Schweizerische Ärztegeselleschaft Für Psychoanalyse
SCHWEIZERISCHE ÄRZTEGESELLESCHAFT FÜR PSYCHOANALYSE
The Swiss Psychoanalytic Society (SGPsa), consisting of physicians and non-physicians, was created in 1919. The Swiss Medical Society for Psychoanalysis, or Schweizerische Ärztegeselleschaft für Psychoanalyse, is the result of a rift that took place within the first society in 1928.
In 1928 Emil Oberholzer and Rudolf Brun founded a medical society for psychoanalysis, which admitted only physicians as full members, non-physicians being considered as no more than "scientific collaborators or collaborators in their specialty." This new society applied to be admitted to the International Psychoanalytic Association (IPA) in 1929. The central committee of the IPA rejected the application in the following terms: "After careful consideration of the question the central committee feels obliged to reject this application because it deems the reasons given in justification of this new foundation to be insufficient. It deeply regrets the fact that the differences that appeared could not be resolved otherwise than through a rift of the old group." The wording is Anna Freud's.
Oberholzer and Brun explained the reasons for the foundation of the new 1928 society in a very long memorandum. The rift was born out of a desire to reorder and was introduced in opposition to "the membership of non-physicians in the Swiss Psychoanalytic Society," but also in rejection of "pseudo-analysts and physicians to whom psychoanalysis is in fact unknown." The difficulties with regard to the non-physician fraction of the old society crystallized around Oskar Pfister. He was reproached with a variety of things: contenting himself with short treatment periods; being essentially preoccupied with symptoms to the detriment of defenses; practicing propaganda; receiving into the society people who claimed to be psychoanalysts when they had in fact been insufficiently trained; being unable to discuss deep theoretical matters; working insufficiently on his own self-analysis; and using religious faith as a therapeutic lever.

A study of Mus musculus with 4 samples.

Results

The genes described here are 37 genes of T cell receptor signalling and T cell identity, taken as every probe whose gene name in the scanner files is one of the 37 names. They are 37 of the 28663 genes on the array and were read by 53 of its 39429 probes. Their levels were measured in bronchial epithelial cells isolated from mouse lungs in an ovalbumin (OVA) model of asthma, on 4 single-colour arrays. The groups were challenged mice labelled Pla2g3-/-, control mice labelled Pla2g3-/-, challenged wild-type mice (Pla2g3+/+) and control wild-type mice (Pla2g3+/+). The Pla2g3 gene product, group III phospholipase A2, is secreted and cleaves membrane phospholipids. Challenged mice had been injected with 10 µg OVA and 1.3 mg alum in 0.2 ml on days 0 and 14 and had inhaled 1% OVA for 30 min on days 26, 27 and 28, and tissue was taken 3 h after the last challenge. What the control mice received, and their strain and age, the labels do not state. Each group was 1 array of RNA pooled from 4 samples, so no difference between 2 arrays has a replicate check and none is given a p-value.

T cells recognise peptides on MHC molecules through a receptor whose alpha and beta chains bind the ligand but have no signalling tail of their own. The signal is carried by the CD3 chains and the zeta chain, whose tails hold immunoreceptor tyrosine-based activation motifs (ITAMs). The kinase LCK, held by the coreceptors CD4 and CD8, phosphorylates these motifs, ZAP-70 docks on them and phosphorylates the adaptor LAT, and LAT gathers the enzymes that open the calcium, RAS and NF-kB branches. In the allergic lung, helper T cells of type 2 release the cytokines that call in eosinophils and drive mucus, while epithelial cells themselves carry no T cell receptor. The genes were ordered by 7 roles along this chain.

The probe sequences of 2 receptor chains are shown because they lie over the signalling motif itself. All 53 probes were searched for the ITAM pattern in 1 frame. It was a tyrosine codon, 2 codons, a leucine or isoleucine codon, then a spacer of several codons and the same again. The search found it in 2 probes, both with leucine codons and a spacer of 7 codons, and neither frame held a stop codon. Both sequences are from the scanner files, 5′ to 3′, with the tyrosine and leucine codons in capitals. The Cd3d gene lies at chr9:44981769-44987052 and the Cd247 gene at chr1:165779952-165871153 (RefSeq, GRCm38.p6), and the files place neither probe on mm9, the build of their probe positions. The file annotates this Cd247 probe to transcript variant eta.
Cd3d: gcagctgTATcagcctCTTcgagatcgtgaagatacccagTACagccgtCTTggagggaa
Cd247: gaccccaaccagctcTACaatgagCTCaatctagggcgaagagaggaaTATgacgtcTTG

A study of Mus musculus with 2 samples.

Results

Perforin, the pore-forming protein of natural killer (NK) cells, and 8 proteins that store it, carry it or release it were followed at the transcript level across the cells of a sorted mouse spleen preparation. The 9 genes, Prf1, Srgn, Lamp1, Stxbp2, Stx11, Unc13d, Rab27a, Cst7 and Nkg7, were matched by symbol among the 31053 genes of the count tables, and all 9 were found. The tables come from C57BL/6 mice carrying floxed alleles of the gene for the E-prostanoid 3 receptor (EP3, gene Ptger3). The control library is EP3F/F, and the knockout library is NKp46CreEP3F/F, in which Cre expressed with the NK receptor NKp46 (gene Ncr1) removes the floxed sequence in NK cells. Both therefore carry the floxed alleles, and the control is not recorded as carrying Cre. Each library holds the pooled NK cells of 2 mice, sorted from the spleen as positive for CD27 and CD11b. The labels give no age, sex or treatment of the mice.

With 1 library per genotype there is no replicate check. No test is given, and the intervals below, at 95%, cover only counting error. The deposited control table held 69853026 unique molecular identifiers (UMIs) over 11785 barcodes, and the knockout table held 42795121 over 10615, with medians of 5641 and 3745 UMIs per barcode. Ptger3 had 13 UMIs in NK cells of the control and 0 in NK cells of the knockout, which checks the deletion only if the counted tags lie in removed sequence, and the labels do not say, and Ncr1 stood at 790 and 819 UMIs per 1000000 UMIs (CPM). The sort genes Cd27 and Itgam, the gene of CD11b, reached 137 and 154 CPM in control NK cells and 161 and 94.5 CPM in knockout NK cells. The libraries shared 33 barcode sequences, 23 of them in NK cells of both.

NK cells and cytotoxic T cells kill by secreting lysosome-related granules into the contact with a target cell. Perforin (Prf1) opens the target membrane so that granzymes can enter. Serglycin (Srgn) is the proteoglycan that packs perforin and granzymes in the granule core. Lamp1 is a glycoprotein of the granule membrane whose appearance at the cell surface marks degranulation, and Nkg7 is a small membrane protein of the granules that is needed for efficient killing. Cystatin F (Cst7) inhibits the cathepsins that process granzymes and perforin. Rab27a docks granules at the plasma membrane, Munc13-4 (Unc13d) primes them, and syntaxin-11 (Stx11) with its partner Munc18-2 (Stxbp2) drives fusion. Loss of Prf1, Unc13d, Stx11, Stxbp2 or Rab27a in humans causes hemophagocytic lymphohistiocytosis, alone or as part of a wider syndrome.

This difficulty seems to have existed from the foundation of the SGPsa. The division of the society into two sections, one medical, the other non-medical, had already been suggested in 1926. It was quite probably Freud's 1926 text on lay analysis (1926e) that led to this foundation.
Sigmund Freud, Max Eitingon and Johan H. W. Van Ophuijsen took the side of the old society. In 1936 the Swiss Medical Society for Psychoanalysis renewed its application for membership of the IPA. Philipp Sarasin, as president of the SGPsa, set up a commission, comprising Pfister, Kielholz, Zulliger, Christoffel, and Blum, which proposed to recognize the members of the medical Society on condition that they request it and that they accept "Freud's point of view on the question of lay analysis and upon their agreeing to accept the Oxford ruling by non-physicians." This report seems to have remained unanswered.
In 1938 some members of the medical Society joined the SGPsa individually just as Oberholzer was emigrating to the United States.
See also: Brun, Rudolf; Oberholzer, Emil; Switzerland (German-speaking).
Cifali, Mireille. (1990). De quelques remous helvétiques autour de l'analyse profane. Revue internationale d'histoire de la psychanalyse, 4, 291-305.
Meerwein, Fritz. (1979). Reflexionen zur Geschichte der Schweizerischen Gesellschaft für Psychoanalyse in der deutschen Schweiz. Bulletin de la Société suisse de psychanalse, 9, 25-40.